New biz could give stadium a slight boost

May 25, 2004|by TIM ROWLAND

The big debate in Bunker Hill, W.Va., last week was whether or not it is appropriate to have a lingerie shop within 800 feet of an elementary school. A lot of local people were upset about this, and I certainly can understand. If you're visiting an adult-oriented store, the last thing you want to listen to is the din of hundreds of shrieking kids at recess, which, quite frankly, makes it difficult to concentrate on choosing just the right bustier.

Chances are, nothing would happen, but you just don't want to run the risk of being approached by some shifty kid selling bad chocolate to pay for band uniforms or something.

It's a close call, but in the end, I think it would be in everyone's best interest to move the school. Now I suppose if they would build a big concrete fence with razor wire around the school, perhaps ... what's that? Oh, it's the school that doesn't want the shop as a neighbor. Well, that never would have occurred to me, but OK.


About 100 people showed up at a public meeting to protest the fact that a Virginia father-daughter team wants to convert a former gun shop into the Slightly Sinful adult-oriented boutique. I'm not sure I see what the big deal is. I mean, if it's only "slightly"...

It would be another matter if the name were "Morbidly Raunchy" or something.

But there is a citizen group now that calls itself Citizens Against Slightly Sinful, which, according to its owners, will sell lingerie, clothing for dancers, jewelry, candles, videos and "marital aids," by which I assume they mean rolling pins.

They say they will not traffic in "gambling, drugs, alcohol, dancing girls, massages, escorts or peep shows."

No gambling, drugs or dancing girls. I see. Well, now that I've lost any interest in ever visiting the store, I feel free to comment on it without bias.

Kind of an interesting comment on the Tri-State population that apparently no one had any problem at all with a gun shop being located within 800 feet of a school, but a place that sells women's underpants is different.

Naturally, you applaud the members of CASS who care and are concerned about what their children are - I was going to say exposed to, but maybe that's not the right word. Too many parents today not only would not care about an adult store, they probably would take their kids along when they went shopping there.

So I have no problem with CASS. The group's leader said she plans to organize protests near the store, but here I offer a well-intentioned word of caution. I'm thinking that if Slightly Sinful attracts a clientele consisting of a bunch of babes walking in to try on nighties, all the CASS husbands are going to be falling over themselves volunteering for stakeout duty. Just something to think about.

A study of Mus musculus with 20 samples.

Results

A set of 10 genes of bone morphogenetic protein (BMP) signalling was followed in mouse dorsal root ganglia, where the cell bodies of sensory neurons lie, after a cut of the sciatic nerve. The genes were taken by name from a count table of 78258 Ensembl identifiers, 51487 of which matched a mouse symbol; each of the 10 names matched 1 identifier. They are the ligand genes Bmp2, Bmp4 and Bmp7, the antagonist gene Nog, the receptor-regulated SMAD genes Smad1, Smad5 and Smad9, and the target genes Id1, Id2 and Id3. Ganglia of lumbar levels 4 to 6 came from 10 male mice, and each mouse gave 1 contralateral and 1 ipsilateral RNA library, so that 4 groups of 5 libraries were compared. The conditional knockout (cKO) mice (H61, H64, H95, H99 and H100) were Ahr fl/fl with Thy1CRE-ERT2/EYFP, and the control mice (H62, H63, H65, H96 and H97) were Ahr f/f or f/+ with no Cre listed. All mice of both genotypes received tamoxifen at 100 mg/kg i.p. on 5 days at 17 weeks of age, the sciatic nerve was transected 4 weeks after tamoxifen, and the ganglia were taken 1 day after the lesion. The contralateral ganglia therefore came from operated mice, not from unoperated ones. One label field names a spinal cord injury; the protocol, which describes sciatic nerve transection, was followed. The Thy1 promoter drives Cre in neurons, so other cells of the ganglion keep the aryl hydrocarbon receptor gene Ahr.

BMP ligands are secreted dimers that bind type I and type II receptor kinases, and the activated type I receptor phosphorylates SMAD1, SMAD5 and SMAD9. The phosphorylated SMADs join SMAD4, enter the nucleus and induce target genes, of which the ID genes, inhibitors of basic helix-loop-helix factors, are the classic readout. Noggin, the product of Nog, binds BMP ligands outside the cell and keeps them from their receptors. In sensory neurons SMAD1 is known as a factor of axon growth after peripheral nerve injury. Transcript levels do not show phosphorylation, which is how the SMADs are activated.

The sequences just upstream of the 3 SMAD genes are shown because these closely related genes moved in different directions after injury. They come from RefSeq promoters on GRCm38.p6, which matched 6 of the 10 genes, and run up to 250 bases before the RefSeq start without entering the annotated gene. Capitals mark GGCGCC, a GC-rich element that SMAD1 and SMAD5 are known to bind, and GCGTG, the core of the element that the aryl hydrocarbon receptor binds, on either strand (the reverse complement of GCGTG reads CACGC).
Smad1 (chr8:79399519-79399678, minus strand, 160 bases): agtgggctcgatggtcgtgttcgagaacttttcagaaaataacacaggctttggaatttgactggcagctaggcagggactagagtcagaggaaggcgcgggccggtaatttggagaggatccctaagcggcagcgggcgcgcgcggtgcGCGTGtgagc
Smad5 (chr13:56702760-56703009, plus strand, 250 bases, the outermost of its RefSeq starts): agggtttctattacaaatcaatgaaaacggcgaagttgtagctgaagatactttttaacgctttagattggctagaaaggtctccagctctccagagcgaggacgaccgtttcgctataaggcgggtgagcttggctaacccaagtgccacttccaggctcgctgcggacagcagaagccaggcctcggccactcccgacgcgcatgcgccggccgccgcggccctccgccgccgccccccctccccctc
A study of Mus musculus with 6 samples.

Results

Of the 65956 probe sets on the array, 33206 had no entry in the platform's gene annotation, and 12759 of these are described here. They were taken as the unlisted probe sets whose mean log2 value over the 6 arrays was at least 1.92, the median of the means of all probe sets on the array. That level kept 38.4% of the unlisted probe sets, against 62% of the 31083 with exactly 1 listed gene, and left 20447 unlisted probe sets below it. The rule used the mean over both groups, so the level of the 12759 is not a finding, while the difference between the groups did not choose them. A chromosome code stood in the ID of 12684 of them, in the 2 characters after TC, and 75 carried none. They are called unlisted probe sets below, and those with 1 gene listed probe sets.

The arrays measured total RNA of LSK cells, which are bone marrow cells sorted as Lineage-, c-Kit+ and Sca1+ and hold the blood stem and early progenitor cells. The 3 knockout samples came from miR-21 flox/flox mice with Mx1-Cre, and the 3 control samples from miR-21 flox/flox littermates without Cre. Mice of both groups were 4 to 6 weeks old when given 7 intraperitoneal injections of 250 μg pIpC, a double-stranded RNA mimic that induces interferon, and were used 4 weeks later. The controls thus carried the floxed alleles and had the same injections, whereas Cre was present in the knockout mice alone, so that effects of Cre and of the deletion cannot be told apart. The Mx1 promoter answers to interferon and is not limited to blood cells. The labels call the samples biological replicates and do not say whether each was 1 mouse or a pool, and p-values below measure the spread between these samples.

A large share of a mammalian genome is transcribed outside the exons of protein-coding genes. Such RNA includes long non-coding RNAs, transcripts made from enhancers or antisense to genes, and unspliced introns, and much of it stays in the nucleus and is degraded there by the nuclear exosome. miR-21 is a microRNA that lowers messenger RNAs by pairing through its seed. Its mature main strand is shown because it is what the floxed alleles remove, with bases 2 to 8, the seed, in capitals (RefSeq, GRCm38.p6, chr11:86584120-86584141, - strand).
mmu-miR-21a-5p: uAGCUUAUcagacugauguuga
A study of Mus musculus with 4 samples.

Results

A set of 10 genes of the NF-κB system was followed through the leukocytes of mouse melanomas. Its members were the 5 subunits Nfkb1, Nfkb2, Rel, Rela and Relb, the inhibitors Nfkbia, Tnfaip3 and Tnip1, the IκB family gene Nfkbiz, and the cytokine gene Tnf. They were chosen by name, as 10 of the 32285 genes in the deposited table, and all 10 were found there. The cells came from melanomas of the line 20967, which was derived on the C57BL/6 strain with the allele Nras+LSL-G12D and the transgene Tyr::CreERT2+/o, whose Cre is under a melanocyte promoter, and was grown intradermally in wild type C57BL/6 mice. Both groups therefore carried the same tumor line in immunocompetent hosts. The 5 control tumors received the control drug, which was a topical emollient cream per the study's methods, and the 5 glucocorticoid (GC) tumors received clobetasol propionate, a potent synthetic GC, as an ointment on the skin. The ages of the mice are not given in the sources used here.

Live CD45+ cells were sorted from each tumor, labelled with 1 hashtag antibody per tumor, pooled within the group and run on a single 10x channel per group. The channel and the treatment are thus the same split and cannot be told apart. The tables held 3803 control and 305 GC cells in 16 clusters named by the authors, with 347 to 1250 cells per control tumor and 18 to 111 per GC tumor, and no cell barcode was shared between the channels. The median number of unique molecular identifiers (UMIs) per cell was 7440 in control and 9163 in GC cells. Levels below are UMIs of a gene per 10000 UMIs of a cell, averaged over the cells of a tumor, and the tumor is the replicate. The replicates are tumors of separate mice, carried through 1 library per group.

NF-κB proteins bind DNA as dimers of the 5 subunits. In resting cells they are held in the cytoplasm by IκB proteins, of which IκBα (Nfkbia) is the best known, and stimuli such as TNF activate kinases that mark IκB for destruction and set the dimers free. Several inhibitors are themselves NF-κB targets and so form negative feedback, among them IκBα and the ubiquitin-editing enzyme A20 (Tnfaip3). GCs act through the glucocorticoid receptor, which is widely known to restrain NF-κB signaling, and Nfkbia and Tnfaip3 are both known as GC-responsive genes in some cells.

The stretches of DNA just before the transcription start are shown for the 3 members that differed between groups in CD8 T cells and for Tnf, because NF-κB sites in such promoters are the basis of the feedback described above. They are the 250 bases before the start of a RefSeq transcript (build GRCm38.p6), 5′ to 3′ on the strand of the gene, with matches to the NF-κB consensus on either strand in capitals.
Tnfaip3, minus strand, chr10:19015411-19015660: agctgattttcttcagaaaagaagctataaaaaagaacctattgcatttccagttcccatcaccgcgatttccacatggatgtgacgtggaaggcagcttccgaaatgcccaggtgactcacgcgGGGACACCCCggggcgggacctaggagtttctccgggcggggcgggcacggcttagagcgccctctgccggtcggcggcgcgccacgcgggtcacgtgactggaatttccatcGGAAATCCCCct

The group also questioned why, if the business has no bawdy intent, why it would name itself Slightly Sinful.

Owner Alan Jackson said it's all perfectly innocent, that the name was taken from a shop out West that sells chocolate. And to make his case, he produced a recipe for Slightly Sinful Shortbread.

Oh come on Alan, shortbread is the best you can do? That's like saying the Gay Pride march got its name from a group of happy lions in the Serengeti.

Speaking of names, I noticed that on the same day as the ruckus over Slightly Sinful, the boosters for a new stadium at North Hagerstown High came out and said they would be willing to sell naming rights to the new facility for $1 million.

This seems like fate to me. "Slightly Sinful Stadium" works on so many levels. Even the boosters could become the bustier-ers. Fans at the football games could cheer for the "Double D-Fence." If the stadium has lights, you could attend a nightie game. I don't know if you want to go so far as renaming the Hubs the North High Teddies, but it's something to think about.

Could cause some confusion on the field, though. "But coach, when you called for a naked bootleg, I assumed..."

Tim Rowland is a Herald-Mail columnist.